Since 2008, I’ve been writing about the random inspection and confiscation program of any traveler’s electronic devices by US Customs and Border Protection (CBP) upon entering the US while still at the border. US citizenship offers no immunity from the CBP program.

Since “9/11,” CBP agents have been searching and seizing laptops, digital cameras, cellphones and other electronic devices at the border without warrants, probable cause or even reasonable suspicion. CBP agents have been subjecting these devices to extensive forensic analysis.

In 2006, the US Court of Appeals, Ninth Circuit, in the case United States of America v. Stuart Romm, affirmed the power of CBP to search, seize and do extensive analysis of travelers’ electronic devices “without probable cause or a warrant under the border search doctrine.”

The border search doctrine is an exception to the Fourth Amendment’s requirement for a warrant or probable cause at the international border of the US in order to balance the interests of the country against the rights of the entrants to the US. As noted by the Ninth Circuit in their 2006 decision, “…searches made at the border are reasonable simply by virtue of the fact that they occur at the border.”

Like other business persons, photographers, journalists and even many leisure travelers, I use many electronic devices (laptop, iPad, iPhone, iPod, cameras, and external hard drives) while away internationally. While I haven’t yet had my electronic devices inspected or confiscated upon entering the US, far too many international travelers have, including devices needed for work which were owned by their employers, as I’ve noted in past articles.

In the 21st century, many keep a record of the most intimate details of their lives on their laptops, tablets and smartphones. Business people, photographers and journalists often store important and critical data, including their travel work product, much of it confidential, on these devices until they return to their office.

For business travelers and vacationers alike, laptops, tablets and smartphones have become de-facto electronic diaries. You can’t get more private and personal than that. The intrusion of the government into a person’s private life as stored on their electronic devices by rummaging forensically in them is tantamount to a home invasion, in my opinion.

In a surprise ruling in March, 2013, the US Court of Appeals, Ninth Circuit, in the case of the United States v. Howard Wesley Cotterman, reversed many of its earlier decisions by ruling the Fourth Amendment applies at the border, and that CBP agents need to recognize there is an expectation of privacy and can’t search electronic devices without a reason. They also noted that the act of merely encrypting a file with a password does not in and of itself create suspicion.

The court made a ground breaking statement in their ruling.

“Even at the border, we have rejected an ‘anything goes’ approach.”

Unfortunately, Judge Edward Korman of the US District Court for the Eastern District of New York in Brooklyn, ruling on the suit Abidor v. Napolitano by dismissing it on December 31, 2013, didn’t agree with the Ninth Circuit. In addition to Mr. Abidor, the ACLU filed the suit on behalf of David House, the National Press Photographers Association¹, and the National Association of Criminal Defense Lawyers.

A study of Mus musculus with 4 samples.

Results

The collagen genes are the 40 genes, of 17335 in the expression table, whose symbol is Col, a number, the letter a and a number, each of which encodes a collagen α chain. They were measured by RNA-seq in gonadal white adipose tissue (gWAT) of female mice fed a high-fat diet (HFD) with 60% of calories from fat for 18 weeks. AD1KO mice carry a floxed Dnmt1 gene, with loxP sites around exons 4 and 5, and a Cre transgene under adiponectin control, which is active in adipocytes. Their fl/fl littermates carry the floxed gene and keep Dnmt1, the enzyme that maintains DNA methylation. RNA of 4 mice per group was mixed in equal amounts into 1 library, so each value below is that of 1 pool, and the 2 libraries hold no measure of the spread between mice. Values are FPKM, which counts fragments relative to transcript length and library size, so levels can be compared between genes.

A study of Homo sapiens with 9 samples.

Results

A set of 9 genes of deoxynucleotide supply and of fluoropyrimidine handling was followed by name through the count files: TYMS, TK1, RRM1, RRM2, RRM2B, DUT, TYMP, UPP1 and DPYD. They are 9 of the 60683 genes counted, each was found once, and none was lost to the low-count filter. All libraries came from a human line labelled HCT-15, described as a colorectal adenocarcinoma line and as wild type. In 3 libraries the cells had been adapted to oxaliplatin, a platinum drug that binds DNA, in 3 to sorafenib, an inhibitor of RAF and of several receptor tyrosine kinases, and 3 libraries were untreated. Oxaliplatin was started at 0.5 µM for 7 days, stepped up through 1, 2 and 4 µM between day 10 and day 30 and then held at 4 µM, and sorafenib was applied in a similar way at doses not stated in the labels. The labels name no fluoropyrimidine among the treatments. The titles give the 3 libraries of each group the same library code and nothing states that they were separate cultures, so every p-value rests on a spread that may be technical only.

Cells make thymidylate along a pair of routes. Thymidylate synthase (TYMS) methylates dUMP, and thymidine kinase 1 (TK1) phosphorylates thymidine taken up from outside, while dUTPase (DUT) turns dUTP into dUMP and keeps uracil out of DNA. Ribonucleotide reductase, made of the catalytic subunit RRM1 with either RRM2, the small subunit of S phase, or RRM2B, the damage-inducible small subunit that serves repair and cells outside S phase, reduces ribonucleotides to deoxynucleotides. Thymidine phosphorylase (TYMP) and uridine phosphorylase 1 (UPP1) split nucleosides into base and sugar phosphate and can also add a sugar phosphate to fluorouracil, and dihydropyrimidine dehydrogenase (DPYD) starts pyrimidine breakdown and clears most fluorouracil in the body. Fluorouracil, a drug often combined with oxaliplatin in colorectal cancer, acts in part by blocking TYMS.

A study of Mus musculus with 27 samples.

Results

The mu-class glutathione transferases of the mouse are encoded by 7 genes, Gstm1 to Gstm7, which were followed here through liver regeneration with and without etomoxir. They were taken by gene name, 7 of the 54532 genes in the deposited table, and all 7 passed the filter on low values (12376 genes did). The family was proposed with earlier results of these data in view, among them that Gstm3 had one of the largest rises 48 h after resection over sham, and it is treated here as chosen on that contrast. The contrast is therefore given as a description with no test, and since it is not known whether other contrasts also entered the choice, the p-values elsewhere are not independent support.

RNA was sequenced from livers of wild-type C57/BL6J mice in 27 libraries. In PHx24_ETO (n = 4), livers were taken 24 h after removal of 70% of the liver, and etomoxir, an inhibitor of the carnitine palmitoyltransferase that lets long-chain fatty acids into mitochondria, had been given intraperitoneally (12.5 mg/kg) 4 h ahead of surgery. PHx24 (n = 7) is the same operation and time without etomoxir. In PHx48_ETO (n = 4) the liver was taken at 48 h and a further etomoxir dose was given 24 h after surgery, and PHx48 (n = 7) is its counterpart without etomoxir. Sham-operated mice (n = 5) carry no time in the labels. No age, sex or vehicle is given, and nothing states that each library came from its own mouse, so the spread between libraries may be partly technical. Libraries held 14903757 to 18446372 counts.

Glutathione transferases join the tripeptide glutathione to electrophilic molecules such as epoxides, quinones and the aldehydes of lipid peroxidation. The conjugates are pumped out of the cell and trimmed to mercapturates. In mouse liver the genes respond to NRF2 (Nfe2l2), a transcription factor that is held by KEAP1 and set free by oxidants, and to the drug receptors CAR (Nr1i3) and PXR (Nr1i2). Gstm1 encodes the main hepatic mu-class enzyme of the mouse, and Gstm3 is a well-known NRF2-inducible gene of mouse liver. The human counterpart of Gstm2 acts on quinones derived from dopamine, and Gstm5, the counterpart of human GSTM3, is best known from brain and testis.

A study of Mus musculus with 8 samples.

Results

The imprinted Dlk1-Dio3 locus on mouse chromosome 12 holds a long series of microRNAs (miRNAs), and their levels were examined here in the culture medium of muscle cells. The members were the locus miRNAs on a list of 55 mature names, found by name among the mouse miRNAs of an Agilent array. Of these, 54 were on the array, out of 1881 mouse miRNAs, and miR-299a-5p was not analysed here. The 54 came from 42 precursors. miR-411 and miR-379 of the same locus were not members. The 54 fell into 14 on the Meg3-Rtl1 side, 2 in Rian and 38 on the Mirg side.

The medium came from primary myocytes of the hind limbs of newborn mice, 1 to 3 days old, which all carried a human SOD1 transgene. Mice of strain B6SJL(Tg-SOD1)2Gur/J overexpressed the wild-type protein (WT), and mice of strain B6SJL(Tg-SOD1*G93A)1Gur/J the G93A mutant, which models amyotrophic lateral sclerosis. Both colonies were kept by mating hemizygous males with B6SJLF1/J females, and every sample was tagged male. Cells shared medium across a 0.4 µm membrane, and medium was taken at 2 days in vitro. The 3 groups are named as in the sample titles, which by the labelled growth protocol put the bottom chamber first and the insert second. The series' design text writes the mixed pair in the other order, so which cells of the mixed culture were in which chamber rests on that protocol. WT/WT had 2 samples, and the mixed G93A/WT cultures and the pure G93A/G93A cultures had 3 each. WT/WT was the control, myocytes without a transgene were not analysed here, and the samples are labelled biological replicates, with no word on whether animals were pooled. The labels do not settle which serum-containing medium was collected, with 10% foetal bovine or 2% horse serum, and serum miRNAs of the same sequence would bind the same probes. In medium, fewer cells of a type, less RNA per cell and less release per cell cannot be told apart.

Judge Korman made two major observations in dismissing the suit in which I believe he erred and the result of these, I believe, clearly differed with the opinion of the Court of Appeals, Ninth Circuit.

Border searches of electronic devices are rare — While this is true — for example, only about 6,600 people had devices confiscated from October, 2008 to June, 2010 — I believe Judge Korman missed the point. Although the government usually applies the rules of the First and Fourth Amendments, it doesn’t justify ever ignoring them.

Many of the border searches of electronic devices were prompted by reasonable suspicion — No one has denied this, but in my opinion, having suspicion for some searches doesn’t justify an inspection and confiscation program which doesn’t require that suspicion for all searches.

I have no doubt this recent ruling will be appealed. With judges in different federal judicial districts disagreeing, eventually the US Supreme Court will have to rule for the nation on the extent to which the “border search doctrine” can be applied to the search and seizure of electronic devices at the US border.

For now, CBP will continue its random electronic gear search and seizure program at the border. So, as before, I offer this advice to travelers arriving in the US from an international trip:

1. Store as little personal, professional, and business data as possible directly on electronic devices you use while traveling abroad.

2. Store as much necessary data as possible on the “cloud,” to access while traveling. That way, the government won’t be privy to the information, as it won’t be stored on your devices.

3. Use remote access software to connect your tablet, smartphone or laptop to your home and/or office computer to view and answer your email, rather than directly on those devices. That will keep your personal and business email messages and attachments out of the CBP reach.

4. Delete all history, cookies, temporary files, and sensitive data from your electronic devices securely, like you would when recycling an old computer, before entering/returning to the US. Never store passwords on electronic devices with which you travel.

¹ The column’s author, Ned Levi, is a member of the National Press Photographers Association.